Wright-Patterson AFB OH (SPX) Nov 18, 2021 A team of scientists at Johns Hopkins Applied Physics...
A team of scientists at Johns Hopkins Applied Physics Laboratory, supported by the Air Force Research Laboratory's Air Force Office of Scientific Research, currently leads a collaborative research and experimentation effort that could aid development of hypersonic systems.
Through several basic research programs managed by AFOSR, APL has successfully developed a testing device called Boundary Layer Transition, or BOLT, which will provide much needed data to improve hypersonics.
There's a Future in Hypersonics In addition, this program is simultaneously enhancing the STEM pathway by using the BOLT project to train students and future hypersonic scientists.
University students in graduate programs were involved in flight test and beyond, said Dr. Brad Wheaton, BOLT principal investigator and chief scientist in the force protection sector at APL. "Those students [we]re not just in a lab studying phenomenology," Wheaton said.
Dr. Sarah Popkin, program officer for high-speed aerodynamics in AFOSR and whose purview includes the BOLT project, highlighted another academic science team involved with BOLT. The Hypersonic Flight in the Turbulent Stratosphere team, or HYFLITS, provided stratospheric weather data at the BOLT flight test.
The University of Colorado at Boulder leads HYFLITS in collaboration with University of Minnesota and Embry-Riddle University as part of an OSD Multidisciplinary Research Program of the University Initiative highly competitive grant, "Integrated Measurement and Modeling Characterization of Stratospheric Turbulence." The AFOSR High-Speed Aerodynamics research area has managed this grant since 2017.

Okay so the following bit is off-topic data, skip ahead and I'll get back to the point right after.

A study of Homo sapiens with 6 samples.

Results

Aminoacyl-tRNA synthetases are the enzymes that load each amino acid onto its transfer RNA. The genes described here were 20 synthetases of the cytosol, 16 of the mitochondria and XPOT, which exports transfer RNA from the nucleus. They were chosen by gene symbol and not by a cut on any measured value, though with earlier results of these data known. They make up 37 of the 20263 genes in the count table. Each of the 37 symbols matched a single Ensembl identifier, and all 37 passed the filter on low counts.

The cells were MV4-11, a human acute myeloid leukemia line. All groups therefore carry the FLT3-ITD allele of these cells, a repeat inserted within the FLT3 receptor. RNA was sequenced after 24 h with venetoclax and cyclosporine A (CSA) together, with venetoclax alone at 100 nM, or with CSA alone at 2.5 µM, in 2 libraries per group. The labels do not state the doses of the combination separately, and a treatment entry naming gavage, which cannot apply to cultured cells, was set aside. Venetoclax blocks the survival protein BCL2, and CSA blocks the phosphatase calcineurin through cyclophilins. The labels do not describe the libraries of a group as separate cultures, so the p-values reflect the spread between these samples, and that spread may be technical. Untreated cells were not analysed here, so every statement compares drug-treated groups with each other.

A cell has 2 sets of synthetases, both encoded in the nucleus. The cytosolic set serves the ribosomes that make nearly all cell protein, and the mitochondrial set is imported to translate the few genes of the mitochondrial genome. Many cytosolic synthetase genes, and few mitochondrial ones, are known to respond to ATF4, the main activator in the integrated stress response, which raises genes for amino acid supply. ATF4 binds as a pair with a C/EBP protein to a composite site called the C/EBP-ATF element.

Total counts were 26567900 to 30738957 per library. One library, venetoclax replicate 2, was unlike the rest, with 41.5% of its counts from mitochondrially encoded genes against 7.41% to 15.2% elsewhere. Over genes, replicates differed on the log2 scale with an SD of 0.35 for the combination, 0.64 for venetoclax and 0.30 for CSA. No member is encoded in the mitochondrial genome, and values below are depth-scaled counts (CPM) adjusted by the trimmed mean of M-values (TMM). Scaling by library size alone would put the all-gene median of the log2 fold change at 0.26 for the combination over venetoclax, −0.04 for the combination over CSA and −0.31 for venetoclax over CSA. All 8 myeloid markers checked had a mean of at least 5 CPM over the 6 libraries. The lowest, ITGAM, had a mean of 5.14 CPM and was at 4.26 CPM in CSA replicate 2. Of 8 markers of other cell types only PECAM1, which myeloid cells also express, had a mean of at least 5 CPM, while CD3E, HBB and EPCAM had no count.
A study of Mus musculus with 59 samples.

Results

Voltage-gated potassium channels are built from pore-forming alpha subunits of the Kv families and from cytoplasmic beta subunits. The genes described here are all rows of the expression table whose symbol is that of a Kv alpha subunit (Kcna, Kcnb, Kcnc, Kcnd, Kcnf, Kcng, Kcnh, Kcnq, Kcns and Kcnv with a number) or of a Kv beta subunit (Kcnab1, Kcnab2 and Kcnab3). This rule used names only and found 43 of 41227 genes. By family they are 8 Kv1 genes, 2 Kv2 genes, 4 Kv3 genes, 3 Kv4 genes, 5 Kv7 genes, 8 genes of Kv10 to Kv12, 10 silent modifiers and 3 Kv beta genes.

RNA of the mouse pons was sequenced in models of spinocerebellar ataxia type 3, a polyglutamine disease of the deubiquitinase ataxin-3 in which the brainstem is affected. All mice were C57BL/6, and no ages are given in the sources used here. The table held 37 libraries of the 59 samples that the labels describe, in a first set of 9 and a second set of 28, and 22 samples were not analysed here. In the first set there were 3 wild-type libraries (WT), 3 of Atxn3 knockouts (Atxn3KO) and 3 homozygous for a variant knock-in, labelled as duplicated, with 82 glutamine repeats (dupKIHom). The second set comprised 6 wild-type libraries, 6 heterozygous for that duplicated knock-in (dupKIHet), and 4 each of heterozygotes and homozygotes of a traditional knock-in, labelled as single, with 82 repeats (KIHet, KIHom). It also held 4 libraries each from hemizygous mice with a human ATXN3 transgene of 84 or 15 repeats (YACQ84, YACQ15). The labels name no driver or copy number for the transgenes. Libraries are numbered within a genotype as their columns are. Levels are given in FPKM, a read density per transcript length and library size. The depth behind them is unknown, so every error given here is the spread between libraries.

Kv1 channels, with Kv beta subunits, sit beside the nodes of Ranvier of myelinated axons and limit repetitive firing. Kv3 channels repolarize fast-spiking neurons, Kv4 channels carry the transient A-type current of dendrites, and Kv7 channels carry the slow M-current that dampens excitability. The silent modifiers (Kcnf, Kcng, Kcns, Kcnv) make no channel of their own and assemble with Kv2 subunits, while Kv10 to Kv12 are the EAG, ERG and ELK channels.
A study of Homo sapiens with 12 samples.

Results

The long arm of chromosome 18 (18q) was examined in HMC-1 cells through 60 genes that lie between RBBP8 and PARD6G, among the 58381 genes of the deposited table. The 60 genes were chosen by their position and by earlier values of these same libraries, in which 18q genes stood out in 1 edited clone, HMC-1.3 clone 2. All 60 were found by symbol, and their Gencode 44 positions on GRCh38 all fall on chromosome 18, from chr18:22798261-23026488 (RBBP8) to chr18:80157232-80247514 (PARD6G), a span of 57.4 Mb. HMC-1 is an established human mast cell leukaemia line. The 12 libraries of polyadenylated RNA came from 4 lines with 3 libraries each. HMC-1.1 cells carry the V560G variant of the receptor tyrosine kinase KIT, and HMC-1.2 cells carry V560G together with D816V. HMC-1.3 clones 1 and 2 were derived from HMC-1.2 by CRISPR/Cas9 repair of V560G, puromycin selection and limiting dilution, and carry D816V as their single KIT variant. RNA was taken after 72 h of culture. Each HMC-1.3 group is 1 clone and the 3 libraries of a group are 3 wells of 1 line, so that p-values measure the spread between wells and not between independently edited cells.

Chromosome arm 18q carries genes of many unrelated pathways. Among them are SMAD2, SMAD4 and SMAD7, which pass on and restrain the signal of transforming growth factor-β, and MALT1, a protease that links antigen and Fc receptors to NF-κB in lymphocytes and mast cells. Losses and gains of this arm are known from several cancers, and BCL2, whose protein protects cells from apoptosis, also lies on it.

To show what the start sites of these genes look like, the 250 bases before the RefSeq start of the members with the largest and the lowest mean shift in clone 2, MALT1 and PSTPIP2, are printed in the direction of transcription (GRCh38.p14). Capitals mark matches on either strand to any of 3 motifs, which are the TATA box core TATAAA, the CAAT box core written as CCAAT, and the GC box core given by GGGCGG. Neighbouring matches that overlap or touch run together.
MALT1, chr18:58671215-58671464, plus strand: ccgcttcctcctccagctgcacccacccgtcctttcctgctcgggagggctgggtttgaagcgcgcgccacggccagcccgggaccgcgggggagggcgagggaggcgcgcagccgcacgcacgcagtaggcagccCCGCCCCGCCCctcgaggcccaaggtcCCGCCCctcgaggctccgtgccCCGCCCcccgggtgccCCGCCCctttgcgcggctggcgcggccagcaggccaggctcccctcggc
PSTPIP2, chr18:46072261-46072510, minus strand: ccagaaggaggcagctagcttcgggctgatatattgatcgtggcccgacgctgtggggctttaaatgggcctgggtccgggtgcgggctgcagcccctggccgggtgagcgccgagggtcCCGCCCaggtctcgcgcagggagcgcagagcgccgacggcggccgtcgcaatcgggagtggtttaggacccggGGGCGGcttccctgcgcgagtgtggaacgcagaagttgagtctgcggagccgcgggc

BOLT also leveraged contributions from AFRL's Aerospace Systems Directorate and international partners: the Swedish Space Corporation; Germany's national center for aerospace, energy and transportation research; and Australia's Defence Science and Technology Group providing the flight computers.
"While BOLT wasn't designing a particular vehicle or certain response, it's dedicated to understanding the physics of boundary layer transition so that we can develop tools that will predict it better," Wheaton said.
While BOLT was preceded by an earlier boundary layer transition research program called HiFIRE, another program, BOLT II, succeeds BOLT. The research behind BOLT II steers more toward studying turbulence as it relates to boundary layer transition but uses BOLT's mechanical design and team members, such as some of the same graduate students.
The BOLT II launch is projected to take place in March or April 2022 at the NASA Wallops Space Station on Wallops Island, Virginia.